3 Criteria to Correctly Classify Employees


    When your business grows to the point where you need to start hiring people to work for you, you know you’re doing well. It means you’re growing, and it’s a big step forward in terms of just how successful your business can be. It also means you need to spend some time figuring out exactly what those employees are going to do, and how they’re going to do it. Do you need part-time employees? Full-time? Do you need occasional help? How you answer those questions will help determine how classifying employees.
    Employee or contractor?
    Everyone who works for you is going to fall into one of two classifications: employee or contractor. The first thing you need to determine when hiring a worker is whether the individual is an employee or a contractor.
    The IRS looks at three specific areas to determine whether a person is your employee or whether they’re a contractor:

    • Behavioral issues. This has to do with who makes the decisions about how, where, and when a worker performs a task. If you specify exactly what is to be done, when, and where, and you even go so far as to specify which tools the worker has to use to do so, you’re more in employee territory than you are in contractor territory.
    • Financial issues. How finances are taken care of during the course of business matters, as well. For example, a significant financial investment required by the worker puts them more in the contractor category. Whether payment for services is guaranteed, or whether pay is on an hourly or flat basis matters, too. Even the question of whether the worker has the opportunity for financial profit or loss during the endeavor factors in here. The more financial responsibility that rests on the worker, the more likely they should be classified as a contractor.
    • Relationship. Your intent, as well as the worker’s intent, matters too. Things like written contracts, whether you’re paying for benefits like vacation time or a retirement plan, your terms for discharging or terminating the worker, and whether the work that the worker does is integral to your business all determine the relationship. Someone who does a job that can’t be done by others that’s business-critical is probably an employee, as is someone to whom you pay for sick days.

    As you can see, it’s not always cut and dried. While there are some obvious types of workers that are employees, for some it’s more nebulous.

    Which is better?
    From a financial perspective, it’s usually better for a business to classify workers as independent contractors whenever possible. That’s because there are many rules and regulations that apply to employees that don’t apply to independent contractors. For example, with employees, you have to:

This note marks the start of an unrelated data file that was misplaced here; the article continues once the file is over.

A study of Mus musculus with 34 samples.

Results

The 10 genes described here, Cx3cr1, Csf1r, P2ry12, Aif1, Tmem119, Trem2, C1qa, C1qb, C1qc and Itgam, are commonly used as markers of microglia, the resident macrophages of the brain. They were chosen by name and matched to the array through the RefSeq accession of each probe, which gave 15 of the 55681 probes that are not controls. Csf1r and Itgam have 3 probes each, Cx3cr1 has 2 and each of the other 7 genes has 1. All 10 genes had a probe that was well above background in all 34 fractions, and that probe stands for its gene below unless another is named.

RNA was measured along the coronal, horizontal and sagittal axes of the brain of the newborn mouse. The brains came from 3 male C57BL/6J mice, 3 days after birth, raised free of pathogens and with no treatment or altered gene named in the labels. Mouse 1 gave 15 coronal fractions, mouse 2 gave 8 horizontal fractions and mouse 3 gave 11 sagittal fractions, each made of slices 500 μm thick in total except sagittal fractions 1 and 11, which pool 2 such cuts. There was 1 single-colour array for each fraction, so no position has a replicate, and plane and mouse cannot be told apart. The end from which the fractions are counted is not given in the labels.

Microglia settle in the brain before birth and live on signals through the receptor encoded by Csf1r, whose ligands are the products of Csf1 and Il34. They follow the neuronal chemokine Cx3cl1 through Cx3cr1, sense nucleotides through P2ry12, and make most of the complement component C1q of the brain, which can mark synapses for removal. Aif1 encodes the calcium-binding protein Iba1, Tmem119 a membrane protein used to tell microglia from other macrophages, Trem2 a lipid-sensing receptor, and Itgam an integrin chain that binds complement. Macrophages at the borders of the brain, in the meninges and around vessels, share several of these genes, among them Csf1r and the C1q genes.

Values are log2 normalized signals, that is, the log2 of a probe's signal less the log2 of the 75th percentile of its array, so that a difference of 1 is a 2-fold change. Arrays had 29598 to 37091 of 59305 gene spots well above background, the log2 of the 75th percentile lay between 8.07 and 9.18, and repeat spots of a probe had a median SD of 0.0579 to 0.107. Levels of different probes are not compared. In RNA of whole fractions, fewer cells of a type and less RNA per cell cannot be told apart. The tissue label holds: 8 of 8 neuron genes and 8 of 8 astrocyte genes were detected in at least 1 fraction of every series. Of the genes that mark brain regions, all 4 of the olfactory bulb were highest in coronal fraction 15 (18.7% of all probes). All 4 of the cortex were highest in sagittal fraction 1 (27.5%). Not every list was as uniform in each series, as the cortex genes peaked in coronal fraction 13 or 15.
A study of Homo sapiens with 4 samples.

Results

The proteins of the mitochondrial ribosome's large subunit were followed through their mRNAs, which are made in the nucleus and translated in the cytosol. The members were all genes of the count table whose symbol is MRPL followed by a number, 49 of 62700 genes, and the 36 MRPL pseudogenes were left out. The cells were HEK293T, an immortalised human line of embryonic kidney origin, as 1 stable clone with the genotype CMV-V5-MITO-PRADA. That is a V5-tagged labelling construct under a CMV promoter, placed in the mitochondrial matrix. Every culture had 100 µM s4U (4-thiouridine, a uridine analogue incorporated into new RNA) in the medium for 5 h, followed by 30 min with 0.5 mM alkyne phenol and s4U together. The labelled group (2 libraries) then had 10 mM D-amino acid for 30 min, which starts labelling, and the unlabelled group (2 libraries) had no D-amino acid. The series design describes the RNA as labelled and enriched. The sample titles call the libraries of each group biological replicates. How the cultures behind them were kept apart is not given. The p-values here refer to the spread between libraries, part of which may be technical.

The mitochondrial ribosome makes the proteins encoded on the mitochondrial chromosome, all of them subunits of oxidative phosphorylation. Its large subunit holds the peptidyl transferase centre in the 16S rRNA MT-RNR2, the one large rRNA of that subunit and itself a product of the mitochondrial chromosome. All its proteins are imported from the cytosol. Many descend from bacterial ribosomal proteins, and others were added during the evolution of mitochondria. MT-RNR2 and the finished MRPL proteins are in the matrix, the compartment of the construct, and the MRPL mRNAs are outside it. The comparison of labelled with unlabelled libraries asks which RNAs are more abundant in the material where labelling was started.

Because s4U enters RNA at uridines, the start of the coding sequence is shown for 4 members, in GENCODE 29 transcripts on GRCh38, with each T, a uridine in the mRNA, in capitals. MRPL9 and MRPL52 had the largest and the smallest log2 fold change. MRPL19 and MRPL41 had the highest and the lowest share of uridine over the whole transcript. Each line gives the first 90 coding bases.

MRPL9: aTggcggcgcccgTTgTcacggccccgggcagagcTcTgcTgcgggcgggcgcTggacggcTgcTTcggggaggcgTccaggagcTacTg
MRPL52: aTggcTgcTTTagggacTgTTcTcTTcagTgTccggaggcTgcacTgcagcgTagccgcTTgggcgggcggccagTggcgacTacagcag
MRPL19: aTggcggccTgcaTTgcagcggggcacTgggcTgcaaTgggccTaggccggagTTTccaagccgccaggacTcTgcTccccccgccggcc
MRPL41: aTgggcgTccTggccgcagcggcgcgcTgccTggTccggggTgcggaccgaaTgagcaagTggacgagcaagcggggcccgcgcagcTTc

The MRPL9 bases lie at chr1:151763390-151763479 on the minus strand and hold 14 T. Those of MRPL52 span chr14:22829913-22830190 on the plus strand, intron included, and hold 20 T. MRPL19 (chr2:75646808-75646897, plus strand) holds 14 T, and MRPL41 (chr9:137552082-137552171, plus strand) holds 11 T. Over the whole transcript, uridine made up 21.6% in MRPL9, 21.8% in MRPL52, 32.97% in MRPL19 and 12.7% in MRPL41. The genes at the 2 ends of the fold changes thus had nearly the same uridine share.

• Withhold payroll and federal income taxes.
    • Pay your share of the employee’s FICA taxes.
    • Pay the employee’s FUTA tax.
    • Provide benefits as required by law, such as overtime pay or even health insurance.
    • Meet any state requirements for employees, such as withholding state taxes.

    These are things that you don’t have to hassle with for independent contractors.

    The penalty for misclassification
    If you classify one of your employees as a contractor without a verifiable and reasonable basis, you can be looking at a number of penalties. You can be liable for the worker’s employment taxes, as well as uncollected Social Security and Medicate Tax. This can create a bit of a tax nightmare, leaving you with a significant tax burden that can be very difficult to pay. On top of that, you’ll likely be looking at penalties and fees.

    What to do when it’s not entirely clear
    If you have some doubt about how to classify a particular worker, you should most certainly talk to your tax advisor. They can help you make sure you get it right.
    Beyond that, you can also work together with the worker to determine their classification. If the worker is amenable, you can develop a contract that explicitly addresses some of those three categories of evidence. That will certainly help you build your case, should the worker’s classification ever be challenged.
    Finally, you can fill out the SS-8 form. This form is sent to the IRS, which will then review your worker’s circumstances and determine whether or not they can be classified as a contractor or must be classified as an employee. It does take about six months to get a determination.
    Getting your employees correctly classified can have an impact on your bottom line, as well as your tax burden. Do it right the first time?

    For more resources, See the Human Resources library.

    Author bio

    Dominique Molina is the President of CertifiedTaxCoach.org, a professional organization that helps tax professionals deliver thousands in tax savings to their clients. Dominique has compiled many resources for members, including powerful accounting templates, a tax-specific engagement letter template, and the most comprehensive tax training in the industry.